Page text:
In our last FREEandCLEAR Mortgage Survey post we discussed how less than one in five borrowers learn about the mortgage process in high school or college. If borrowers are not learning about mortgages in the classroom, where are they learning? It turns out, most borrowers are turning to the Internet, their lender and real estate agents to understand how mortgages work.
According to the FREEandCLEAR Mortgage Survey, when we asked borrowers “from what source have you learned the most about the mortgage process”, the Internet and Lender tied for the top response, with both options garnering 24% of responses. Realtor / real estate agent came in third, with 15% of responses as they continue to play an important, albeit secondary role, in the mortgage education process . Not surprisingly, school only attracted 5% of responses, reinforcing our prior findings about how the education system fails mortgage borrowers.
It is also notable that only 2% of mortgage borrowers selected the Consumer Finance Protection Bureau (CFPB) as the source from which they have learned most about the mortgage process. In fairness, the CFPB was established relatively recently which may help explain its lack of awareness or usage among borrowers in our survey. Despite this, 2% is still a very low portion of responses in light of the CFPB’s significant resources and support. While the CFPB can be a political lightning rod, it does offer a wide range of educational resources for prospective mortgage borrowers.
Most borrowers use the Internet and their lender to learn about mortgages
The results of the FREEandCLEAR Mortgage Survey illuminate several interesting points about how borrowers learn about mortgages. First, more borrowers are turning to the Internet to research mortgages. We expect this trend to grow over time as more millennials enter the home buying market. Although the Internet can be an inconsistent information source, it is positive that borrowers have more free mortgage tools and resources available to them.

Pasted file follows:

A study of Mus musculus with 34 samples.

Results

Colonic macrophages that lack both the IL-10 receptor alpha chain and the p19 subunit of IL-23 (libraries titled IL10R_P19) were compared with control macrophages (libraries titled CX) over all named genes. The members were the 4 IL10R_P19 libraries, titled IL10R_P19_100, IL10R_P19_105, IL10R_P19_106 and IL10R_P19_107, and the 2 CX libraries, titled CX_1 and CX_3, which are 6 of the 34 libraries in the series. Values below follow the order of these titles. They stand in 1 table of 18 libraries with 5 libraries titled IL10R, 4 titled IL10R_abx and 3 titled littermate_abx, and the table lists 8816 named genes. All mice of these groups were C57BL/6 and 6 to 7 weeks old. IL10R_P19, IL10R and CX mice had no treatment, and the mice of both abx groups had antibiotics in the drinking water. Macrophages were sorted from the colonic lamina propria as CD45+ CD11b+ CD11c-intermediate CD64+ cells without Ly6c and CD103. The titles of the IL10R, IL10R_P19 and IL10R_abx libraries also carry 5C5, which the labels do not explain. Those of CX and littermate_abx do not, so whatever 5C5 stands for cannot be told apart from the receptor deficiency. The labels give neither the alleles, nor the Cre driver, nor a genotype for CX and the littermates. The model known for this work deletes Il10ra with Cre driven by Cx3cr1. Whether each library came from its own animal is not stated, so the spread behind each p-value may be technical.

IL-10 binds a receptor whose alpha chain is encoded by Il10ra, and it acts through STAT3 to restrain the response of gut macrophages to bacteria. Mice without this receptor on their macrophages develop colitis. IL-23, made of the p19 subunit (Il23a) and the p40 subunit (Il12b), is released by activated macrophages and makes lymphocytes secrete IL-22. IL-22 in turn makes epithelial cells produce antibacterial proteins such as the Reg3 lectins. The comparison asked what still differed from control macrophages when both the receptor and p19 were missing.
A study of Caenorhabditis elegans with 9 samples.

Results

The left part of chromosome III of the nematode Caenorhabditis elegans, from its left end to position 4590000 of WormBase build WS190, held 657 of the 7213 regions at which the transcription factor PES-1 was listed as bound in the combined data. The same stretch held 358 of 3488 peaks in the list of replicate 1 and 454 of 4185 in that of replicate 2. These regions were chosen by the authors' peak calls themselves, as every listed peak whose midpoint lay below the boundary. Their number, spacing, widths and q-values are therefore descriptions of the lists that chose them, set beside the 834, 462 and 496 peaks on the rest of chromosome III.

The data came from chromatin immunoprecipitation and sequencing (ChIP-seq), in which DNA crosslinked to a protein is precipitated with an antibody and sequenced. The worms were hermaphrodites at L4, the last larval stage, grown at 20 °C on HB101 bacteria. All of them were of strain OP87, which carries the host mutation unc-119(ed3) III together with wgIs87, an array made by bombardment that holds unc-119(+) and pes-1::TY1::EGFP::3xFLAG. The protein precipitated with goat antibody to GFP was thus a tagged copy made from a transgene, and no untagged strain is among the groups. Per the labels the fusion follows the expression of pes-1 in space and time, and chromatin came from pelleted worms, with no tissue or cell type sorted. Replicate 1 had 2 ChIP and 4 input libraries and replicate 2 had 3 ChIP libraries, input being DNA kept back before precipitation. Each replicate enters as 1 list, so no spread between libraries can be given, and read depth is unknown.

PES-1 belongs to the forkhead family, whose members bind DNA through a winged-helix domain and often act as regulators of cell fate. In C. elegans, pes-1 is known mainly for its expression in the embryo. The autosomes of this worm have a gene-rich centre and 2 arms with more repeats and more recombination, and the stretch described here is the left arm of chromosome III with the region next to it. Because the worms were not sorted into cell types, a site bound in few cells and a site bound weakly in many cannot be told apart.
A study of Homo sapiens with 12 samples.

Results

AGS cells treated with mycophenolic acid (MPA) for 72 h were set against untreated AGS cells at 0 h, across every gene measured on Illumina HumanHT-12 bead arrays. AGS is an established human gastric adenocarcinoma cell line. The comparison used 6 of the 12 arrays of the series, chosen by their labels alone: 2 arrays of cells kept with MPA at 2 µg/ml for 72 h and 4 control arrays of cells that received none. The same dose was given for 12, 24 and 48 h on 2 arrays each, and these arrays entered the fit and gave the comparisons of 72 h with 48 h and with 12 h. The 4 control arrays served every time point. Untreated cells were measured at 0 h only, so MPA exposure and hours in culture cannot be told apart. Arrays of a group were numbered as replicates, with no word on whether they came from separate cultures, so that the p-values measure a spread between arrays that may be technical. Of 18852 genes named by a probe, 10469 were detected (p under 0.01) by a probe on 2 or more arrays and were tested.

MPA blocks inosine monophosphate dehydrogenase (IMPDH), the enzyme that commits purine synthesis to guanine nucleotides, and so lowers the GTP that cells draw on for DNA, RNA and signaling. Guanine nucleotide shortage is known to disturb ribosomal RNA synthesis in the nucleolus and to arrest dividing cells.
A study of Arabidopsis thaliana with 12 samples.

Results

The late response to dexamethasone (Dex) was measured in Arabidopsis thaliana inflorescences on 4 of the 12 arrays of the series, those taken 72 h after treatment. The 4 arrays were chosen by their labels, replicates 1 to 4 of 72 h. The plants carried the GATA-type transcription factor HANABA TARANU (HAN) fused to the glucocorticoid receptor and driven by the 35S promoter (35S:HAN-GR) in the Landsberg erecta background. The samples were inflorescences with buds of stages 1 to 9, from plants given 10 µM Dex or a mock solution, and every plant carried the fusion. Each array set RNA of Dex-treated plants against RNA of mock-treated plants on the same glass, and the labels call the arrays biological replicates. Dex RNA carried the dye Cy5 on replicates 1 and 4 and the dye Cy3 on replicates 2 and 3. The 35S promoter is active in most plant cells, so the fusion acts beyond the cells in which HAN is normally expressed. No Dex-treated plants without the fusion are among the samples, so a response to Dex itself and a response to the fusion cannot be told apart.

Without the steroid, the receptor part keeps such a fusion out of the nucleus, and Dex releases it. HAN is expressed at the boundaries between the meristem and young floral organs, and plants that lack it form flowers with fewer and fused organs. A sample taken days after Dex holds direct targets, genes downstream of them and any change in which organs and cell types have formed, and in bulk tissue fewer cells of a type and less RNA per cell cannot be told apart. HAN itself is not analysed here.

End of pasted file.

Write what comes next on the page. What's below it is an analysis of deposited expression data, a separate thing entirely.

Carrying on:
Second, borrowers continue to rely on their lenders to learn about the mortgage process. While this finding seems somewhat obvious it raises issues about objectivity and potential conflicts of interest between lender and borrowers. Turning to a lender for mortgage education works with qualified, ethical lenders but borrowers working with less established or experienced lenders may be disadvantaged. Additionally, borrowers who consult multiple lenders are more likely to make informed mortgage decisions.
Finally, the FREEandCLEAR Mortgage Survey showed that 30% of borrowers learned about the mortgage process from “Other” sources, underscoring the myriad methods that people use to learn about mortgages.
It is clear from our survey results that borrowers use numerous resources to learn about the mortgage process. Whether they use the Internet, lenders, realtors or a government agency, the most important point is that borrowers seek to learn about mortgages and borrower education improves over time. Educated borrowers makes more informed mortgage decisions which benefits all mortgage process participants.
We will continue to provide a detailed analysis of each survey question on our blog in the coming weeks and you can review the full results from the FREEandCLEAR Mortgage Survey to better understand how borrowers think about and experience the mortgage process.